Today is International Literacy Day
–and what better way to celebrate than by taking a peek at three gorgeous historical novels set in days when literacy was not only rare, but, for some, deathly dangerous.
Although it might seem that one of these is not like the others, it actually is. All three deal with questions of identity, perception, love, and the human need for safety and intellectual advancement.
In no particular order:
Golden Hill by Francis Spufford
Set in 1746 New York, this novel is an absolute joy to read. Fun, intriguing, intelligent, subversive in all the right ways, it tells the story of a handsome young stranger who arrives one cold evening at a countinghouse door on Golden Hill Street.
This is Mr. Smith, amiable, charming, yet strangely determined to keep suspicion shimmering. For in his pocket, he has what seems to be an order for a thousand pounds, a huge sum, and he won’t explain why, or where he comes from, or what he is planning to do in the colonies that requires so much money. Should the New York merchants trust him? Should they risk their credit and refuse to pay? Should they befriend him, seduce him, arrest him; maybe even kill him?
Gorgeously written, this novel is never quite about what the reader thinks it might be about.
After reading it I’ve become Francis Spufford’s instant fan, and I will read anything he writes, even if it’s about sports. (no idea if he writes about sports. Just saying it takes a lot to get me to read sport stuff)
In 1850s Virginia, a young enslaved girl, Pheby Delores Brown, is forced to leave the only home she’s ever known, and everyone she’s ever loved. Although fiction, this novel is based on real places and enough real stories to feel thoroughly authentic.
Pheby unexpectedly finds herself thrust into the bowels of slavery at the infamous Devil’s Half Acre, a jail in Richmond, Virginia, where the enslaved are broken, tortured, and sold every day. There, Pheby is exposed not just to her Jailer’s cruelty but also to his contradictions. To survive, Pheby will have to outwit him, and she soon faces the ultimate sacrifice.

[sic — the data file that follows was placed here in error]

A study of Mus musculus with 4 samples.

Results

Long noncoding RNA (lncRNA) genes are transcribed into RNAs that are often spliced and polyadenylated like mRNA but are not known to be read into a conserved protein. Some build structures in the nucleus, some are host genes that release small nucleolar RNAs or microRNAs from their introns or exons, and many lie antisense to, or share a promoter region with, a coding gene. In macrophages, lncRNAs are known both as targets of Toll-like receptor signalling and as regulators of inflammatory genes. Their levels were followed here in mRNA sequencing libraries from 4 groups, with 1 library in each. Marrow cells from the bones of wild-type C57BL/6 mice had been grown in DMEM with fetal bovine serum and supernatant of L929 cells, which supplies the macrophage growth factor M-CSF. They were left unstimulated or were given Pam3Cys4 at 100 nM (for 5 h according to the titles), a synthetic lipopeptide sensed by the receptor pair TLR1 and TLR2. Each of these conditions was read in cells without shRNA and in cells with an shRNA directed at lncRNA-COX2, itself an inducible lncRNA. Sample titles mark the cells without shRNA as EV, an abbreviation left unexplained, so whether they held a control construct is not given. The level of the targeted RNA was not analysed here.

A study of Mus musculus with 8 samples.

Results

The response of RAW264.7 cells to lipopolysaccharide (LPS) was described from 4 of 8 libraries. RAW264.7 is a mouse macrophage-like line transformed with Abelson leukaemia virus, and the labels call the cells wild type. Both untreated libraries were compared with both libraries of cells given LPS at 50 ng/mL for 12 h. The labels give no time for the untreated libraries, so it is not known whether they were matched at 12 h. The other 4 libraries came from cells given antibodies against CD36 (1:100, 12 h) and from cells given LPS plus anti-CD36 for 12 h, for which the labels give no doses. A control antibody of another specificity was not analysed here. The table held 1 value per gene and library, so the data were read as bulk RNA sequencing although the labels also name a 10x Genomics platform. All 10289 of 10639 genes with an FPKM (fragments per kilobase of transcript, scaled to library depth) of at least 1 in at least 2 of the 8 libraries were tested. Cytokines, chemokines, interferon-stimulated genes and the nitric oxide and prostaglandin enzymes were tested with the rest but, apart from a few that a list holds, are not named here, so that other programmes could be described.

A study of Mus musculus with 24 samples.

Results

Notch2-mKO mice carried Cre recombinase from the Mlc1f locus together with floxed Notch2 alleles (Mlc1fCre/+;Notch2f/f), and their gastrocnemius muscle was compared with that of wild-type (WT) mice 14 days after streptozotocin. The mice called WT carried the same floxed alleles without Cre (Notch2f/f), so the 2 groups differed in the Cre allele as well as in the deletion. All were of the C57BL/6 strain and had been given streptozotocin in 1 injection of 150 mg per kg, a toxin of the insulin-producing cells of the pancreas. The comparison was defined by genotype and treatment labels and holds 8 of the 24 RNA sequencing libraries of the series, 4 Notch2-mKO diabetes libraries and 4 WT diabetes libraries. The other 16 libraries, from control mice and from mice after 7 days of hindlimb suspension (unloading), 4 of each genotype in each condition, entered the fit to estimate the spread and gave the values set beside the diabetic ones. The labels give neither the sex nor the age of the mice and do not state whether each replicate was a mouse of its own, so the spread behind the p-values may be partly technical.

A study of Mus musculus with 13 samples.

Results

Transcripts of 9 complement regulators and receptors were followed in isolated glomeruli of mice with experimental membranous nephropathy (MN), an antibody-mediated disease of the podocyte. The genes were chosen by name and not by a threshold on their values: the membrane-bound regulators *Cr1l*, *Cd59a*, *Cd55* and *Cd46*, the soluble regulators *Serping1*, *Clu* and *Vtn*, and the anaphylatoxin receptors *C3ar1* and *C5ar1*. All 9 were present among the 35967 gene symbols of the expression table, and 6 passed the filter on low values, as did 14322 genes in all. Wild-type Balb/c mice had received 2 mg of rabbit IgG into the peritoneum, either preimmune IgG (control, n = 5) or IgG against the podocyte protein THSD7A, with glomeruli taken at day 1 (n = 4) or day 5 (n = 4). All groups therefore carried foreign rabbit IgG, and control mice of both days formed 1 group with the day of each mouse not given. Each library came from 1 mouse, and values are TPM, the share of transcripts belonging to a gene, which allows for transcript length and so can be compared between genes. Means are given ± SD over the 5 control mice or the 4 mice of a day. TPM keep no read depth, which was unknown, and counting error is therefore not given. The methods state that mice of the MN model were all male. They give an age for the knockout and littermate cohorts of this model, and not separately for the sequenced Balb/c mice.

Pheby’s capacity for love and compassion elevates the story above the breathless brutality. I was deeply moved by this novel, and I know some scenes will haunt me for a long time.
Underground Railroad by Colson Whitehead
The most famous of these, and deservedly so.
Winner of the Pulitzer Prize and the National Book Award, this #1 New York Times bestseller chronicles a young enslaved girl’s adventures as she makes a desperate bid for freedom in the antebellum South.
Cora is an enslaved woman on a cotton plantation in Georgia. An outcast even among her fellow Africans, she is on the cusp of womanhood—where greater pain awaits. And so when Caesar urges her to join him on the Underground Railroad, she seizes the opportunity and escapes with him.
It’s hard to call a novel about such brutality beautiful, but it is, in language, structure, and characterization.
Her short stories appear in the Bouchercon 2023 Anthology, A Stranger Comes to Town: edited by Michael Koryta, Secrets in the Water, After Midnight: Tales from the Graveyard Shift, River River Journal, Snowbound: Best New England Crime Stories 2017, and 1+30: THE BEST OF MYSTORY.
When not writing, Emilya works as a visual artist and reads massive quantities of psychological thrillers, suspense, and crime fiction. She lives in the Hudson Valley with her family.
Thank you, Emilya–these books sound amazing. My TBR file just got a little higher.